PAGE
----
The first check I wrote happened organically. A super smart, hardworking coworker was leaving to start a company.
Having seen him execute like a boss for 2 years, investing was an easy decision.
A lot of angels get started this way.
But how do you evaluate an early-stage company when you don't have a personal relationship with the founder? When all you have is a deck and a deal memo?
Two words: Market pull.
What is market pull?
Market pull measures how quickly customers are adopting the product.
Market pull is different from total addressable market (TAM), a staple in most pitch decks.
TAM looks at market size but doesn’t answer what’s currently happening in the market, how challenging customer acquisition is, or the upsell potential for those customers.
3 types of market pull
Market pull fills in those knowledge gaps. You’re likely to see it in one of three flavors:
Product-based market pull: virality is built into the product through invites or referrals (and it’s working!). Calendly, Dropbox and Superhuman are classic examples of this sort of growth.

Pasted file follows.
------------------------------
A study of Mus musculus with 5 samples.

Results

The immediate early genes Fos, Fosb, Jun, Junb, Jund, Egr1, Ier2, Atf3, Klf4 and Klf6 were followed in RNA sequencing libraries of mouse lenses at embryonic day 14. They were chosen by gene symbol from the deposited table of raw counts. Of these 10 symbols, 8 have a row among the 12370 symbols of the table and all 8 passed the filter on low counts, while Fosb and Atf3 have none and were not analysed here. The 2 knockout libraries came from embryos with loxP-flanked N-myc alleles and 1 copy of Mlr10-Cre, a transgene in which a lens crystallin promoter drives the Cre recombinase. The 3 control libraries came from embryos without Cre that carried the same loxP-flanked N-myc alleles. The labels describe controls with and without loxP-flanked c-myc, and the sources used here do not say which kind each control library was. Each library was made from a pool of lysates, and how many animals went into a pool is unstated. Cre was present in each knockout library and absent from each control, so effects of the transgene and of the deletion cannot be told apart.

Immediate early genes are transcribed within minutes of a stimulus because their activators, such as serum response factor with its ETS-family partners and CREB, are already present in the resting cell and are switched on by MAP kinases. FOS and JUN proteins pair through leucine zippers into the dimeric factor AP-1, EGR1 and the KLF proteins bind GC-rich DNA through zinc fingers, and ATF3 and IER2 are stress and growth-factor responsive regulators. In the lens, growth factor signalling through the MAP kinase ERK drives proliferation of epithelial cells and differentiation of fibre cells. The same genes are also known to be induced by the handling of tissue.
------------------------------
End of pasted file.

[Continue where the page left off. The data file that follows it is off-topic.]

Sector or geography market pull: competition is low and the timing is right. Think Coinbase, founded 3 years after Bitcoin launched.
Marketing market pull: retention is strong enough to offset the cost of customer acquisition (CAC) through ads or content marketing. Hubspot is a good example.
Two questions to assess market pull:
Look for indicators of product- and marketing-based market pull in the deck. As you evaluate the company, think:
Why does this idea make sense now?
How crowded is the space the company is in?
The answer to both questions will likely come from talking to other investors.
One of the first deals I shared with Angel Squad was impeccably timed, but quickly met with: “What makes them different from [early stage company I’d never heard of]?”.
If you’re reviewing a deal without direct connection to the founder, look for market pull, and surround yourself with people who will help you make better bets.